The U.S. military says it has been force-feeding three Guantanamo Bay detainees on a hunger strike, but insists the protest has dwindled to its fewest participants since it began last summer.
Four prisoners are on hunger strike, including the three being force-fed with nasal tubes, Guantanamo spokesman Lt. Col. Jeremy Martin said Wednesday.
All four are in stable condition, according to Martin, who declined to speculate why detainees may have chosen to drop out of the protest.
"We haven't changed anything. Our processes and procedures are the same," he said. "But the numbers have fluctuated."
The military said the strike began with 76 detainees protesting their confinement at the remote, high-security prison in Cuba and that the number joining the protest reached 131 in mid-September. Defense lawyers say the figures have been higher.
One possible reason for the discrepancy is that the military counts define a hunger strike as missing nine consecutive meals, but some detainees may eat just enough to avoid that classification so they won't be force-fed, said Julia Tarver Mason, a lawyer for 13 Saudis at the prison camp.
Prisoners on the hunger strike have alleged in court documents that the feeding tubes have been roughly inserted and withdrawn in an abusive manner — an allegation the military has denied.
Mason, who represents one prisoner still on strike and was scheduled to visit him this month, said the four officially listed as part of the strike are in the most serious condition and are protesting on behalf of other detainees at Guantanamo, where the United States holds some 500 people on suspicion of links to al-Qaida or Afghanistan's ousted Taliban government.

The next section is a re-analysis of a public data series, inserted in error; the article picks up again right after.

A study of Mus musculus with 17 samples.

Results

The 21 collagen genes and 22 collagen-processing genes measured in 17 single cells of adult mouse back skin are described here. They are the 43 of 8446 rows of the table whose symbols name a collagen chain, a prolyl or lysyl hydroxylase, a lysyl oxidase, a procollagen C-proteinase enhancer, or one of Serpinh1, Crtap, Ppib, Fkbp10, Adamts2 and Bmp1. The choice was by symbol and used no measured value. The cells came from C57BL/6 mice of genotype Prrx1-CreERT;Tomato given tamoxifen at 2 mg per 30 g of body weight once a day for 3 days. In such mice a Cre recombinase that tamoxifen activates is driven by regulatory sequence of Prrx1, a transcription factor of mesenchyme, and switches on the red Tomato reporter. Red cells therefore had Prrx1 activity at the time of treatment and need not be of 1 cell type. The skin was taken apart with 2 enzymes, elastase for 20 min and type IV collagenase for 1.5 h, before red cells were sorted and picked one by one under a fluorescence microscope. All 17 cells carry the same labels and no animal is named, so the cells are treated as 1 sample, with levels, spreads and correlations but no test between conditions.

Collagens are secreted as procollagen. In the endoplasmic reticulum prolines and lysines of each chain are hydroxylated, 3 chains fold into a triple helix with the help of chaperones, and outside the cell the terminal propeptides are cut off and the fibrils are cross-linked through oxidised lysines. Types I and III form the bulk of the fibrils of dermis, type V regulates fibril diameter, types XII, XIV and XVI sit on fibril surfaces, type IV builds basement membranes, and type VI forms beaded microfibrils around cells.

"It's not about the numbers," she said. "I don't think it's a situation in which some people have gone off the strike because they believe conditions have improved at Guantanamo."
Stephen Oleskey, a defense attorney who visited the base last month, said some of his clients, Algerians who were arrested in Bosnia, told him they had seen hunger strikers who were "emaciated" and needed help to walk.
Martin, who called the protest an "al-Qaida tactic" to elicit media attention and to pressure the U.S. government, said that the strikers have access to the International Committee of the Red Cross and are permitted to send and receive mail.